Protecting Ocean Ecosystems

Navigating a Noisy Ocean

A North Atlantic right whale swimming off Provincetown, MA. Photo credit: Peter Flood.

Daily life is loud: cars honking, planes flying, and doors slamming. But we often do not think about how human-generated sounds can travel below the ocean’s surface. Our everyday activities fill the underwater seascape with a chaotic clamor of “ocean noise” that can be detrimental to marine life.

Sources of ocean noise

Four major noise sources pollute the ocean: explosives, seismic air guns, military sonar, and ship traffic.

  • Explosives are detonated in the ocean by the military, oil and gas industry, and scientific researchers during demolition, seismic exploration, and equipment testing. These explosives create sudden bursts of high noise levels.
  • Seismic air guns are commonly used to locate oil and gas beneath the seafloor by shooting air into the water at very high pressure. Twenty air guns can be firing at once, every ten seconds for 24 hours a day. At any time, anywhere from 20 to 40 seismic air gun surveys are happening around the world.
  • Military sonar is used by military vessels to locate objects in their path. This sonar system deploys 100-second-long pulses of sound for hours at a time, saturating miles of ocean with noise.
  • Ship traffic is the most prevalent ocean noise source. It gives off low-frequency sounds that travel far distances in every direction. Noise from ship traffic increases with increasing vessel speed—the faster the ship, the louder the sound.

In addition to these sources, other human activities affect the soundscape of the ocean including pile driving for offshore wind, “pingers” to repel marine mammals from fisheries activities, and industrial activities along the shoreline.

Ocean noise disrupts marine life

Generally, human-generated ocean noise can range anywhere from 116 to 279 decibels—that is twice as loud as a jet engine from 100 feet away. Ocean noise is particularly harmful because sounds travel faster and farther underwater. The density, salinity, and depth of the water determine the frequency of the sound, and even sounds at low frequencies can travel across entire oceans.

Ocean noise greatly impacts marine life. Over 20,000 fish species can hear, and many use sound to hunt, navigate, communicate, and mate. Fishermen report a 40 to 80 percent decrease in landings when there is nearby use of explosives and seismic air guns. Blasts from explosives and air guns can also damage invertebrates’ orientation and balance, making them especially susceptible to predators.

Ocean noise also impacts the health and welfare of marine mammals. Disruptive human-generated sound can temporarily or permanently impair a marine mammal’s hearing, affecting its ability to communicate, avoid predators, find mates, avoid vessels, and hunt prey. In some cases, ocean noise can displace marine mammals from foraging habitat, migratory pathways, and pods. In other cases, ocean noise can cause hemorrhaging around the brain, air cavities, and lungs, often leading to severe injury and death.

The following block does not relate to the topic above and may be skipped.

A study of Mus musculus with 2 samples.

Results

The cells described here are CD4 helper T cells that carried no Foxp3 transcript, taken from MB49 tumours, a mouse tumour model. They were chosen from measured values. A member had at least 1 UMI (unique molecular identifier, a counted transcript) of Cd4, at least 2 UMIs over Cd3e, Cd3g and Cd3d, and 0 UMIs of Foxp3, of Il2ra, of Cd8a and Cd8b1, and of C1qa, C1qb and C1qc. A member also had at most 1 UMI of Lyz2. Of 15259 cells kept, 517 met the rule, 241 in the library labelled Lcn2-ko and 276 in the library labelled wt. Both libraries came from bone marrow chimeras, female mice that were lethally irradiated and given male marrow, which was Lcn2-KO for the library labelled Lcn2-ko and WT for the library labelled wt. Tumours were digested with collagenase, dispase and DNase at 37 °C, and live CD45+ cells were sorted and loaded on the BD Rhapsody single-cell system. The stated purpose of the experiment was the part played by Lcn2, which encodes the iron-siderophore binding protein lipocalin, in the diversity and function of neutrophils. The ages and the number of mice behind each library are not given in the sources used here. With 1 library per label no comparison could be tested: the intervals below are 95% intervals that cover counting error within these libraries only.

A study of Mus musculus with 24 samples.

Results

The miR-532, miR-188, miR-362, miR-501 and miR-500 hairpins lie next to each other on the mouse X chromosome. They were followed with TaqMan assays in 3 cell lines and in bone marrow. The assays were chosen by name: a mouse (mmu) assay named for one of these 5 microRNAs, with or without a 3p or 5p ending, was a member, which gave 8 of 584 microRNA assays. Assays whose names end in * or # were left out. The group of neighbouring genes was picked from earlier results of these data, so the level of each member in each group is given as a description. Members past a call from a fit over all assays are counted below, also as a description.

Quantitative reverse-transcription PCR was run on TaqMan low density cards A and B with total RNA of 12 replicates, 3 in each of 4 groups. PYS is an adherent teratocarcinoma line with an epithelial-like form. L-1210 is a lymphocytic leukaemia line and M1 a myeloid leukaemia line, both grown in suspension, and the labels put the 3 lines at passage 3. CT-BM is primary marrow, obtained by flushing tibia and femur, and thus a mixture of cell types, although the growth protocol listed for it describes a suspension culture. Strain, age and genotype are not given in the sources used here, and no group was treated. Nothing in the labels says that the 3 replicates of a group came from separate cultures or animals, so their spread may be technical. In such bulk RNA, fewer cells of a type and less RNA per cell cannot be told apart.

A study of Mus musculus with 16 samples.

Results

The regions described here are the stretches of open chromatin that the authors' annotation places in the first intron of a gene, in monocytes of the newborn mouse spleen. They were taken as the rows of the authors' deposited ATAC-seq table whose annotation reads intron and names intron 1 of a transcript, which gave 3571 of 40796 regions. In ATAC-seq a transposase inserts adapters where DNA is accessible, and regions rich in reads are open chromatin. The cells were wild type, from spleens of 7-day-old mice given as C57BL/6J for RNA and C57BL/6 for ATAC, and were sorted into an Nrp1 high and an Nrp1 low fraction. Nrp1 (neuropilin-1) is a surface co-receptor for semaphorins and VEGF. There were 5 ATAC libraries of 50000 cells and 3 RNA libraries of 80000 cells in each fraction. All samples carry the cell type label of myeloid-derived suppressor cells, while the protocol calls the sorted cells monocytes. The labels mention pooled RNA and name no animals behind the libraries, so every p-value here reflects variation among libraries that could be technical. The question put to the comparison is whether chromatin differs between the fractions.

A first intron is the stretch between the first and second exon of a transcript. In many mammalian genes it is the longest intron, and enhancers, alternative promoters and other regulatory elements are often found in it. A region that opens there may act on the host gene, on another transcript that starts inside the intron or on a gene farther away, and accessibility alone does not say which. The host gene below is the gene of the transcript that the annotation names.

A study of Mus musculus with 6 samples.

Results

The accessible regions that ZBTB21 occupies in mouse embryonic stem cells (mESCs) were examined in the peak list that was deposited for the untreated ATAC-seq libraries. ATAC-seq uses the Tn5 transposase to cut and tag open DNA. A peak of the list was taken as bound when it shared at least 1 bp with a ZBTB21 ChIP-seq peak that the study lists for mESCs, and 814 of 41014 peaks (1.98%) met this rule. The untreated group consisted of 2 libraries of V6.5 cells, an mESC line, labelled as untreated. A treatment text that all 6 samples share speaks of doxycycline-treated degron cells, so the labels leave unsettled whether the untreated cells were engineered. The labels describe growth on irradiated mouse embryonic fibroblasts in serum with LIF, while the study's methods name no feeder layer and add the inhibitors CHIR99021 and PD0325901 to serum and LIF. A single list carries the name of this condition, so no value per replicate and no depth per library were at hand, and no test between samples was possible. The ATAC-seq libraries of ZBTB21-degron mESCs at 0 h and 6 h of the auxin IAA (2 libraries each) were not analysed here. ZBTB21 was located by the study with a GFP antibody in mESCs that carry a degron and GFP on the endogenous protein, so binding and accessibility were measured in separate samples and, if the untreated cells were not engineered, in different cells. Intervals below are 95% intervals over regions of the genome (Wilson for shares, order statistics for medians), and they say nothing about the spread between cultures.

North Atlantic right whales, for example, face considerable impacts from ocean noise because they rely on a variety of low frequency sounds to survive. For instance, right whales use an “up call”—a short “whoop” sound—that brings whales together.

Mitigating the harmful impacts of ocean noise

Fortunately, federal laws like the Endangered Species Act (ESA) and the Marine Mammal Protection Act (MMPA) exist to mitigate or prevent these harmful impacts on marine mammals.

The ESA requires federal agencies to assess how their actions may impact threatened or endangered species. Agencies must ensure that their actions do not “jeopardize the continued existence” of an ESA-listed species or result in “destruction or adverse modification” of the species’ critical habitat.

The MMPA limits the number of marine mammals that can be disturbed or injured by human activities. Under this act, regulators must ensure that human-generated noise has no more than a minimal impact on endangered species such as the North Atlantic right whale.

Beyond these laws, additional actions can be taken to mitigate the harmful impacts of ocean noise on marine life. For example, offshore developers can utilize acoustic monitoring to detect the presence of marine mammals and halt harmful activities if an animal is in the vicinity. Additionally, vessels could have trained observers aboard to watch for whales and other protected species ahead. Then, a vessel could slow down or be redirected – reducing sound and the risk of vessel strikes.

Regulations and laws that require mitigation of ocean noise and other harmful activities can protect marine life like the critically endangered North Atlantic right whale. With increasing globalization and technological innovation, we must aim to strengthen protections for all life under the sea to ensure a healthy marine ecosystem.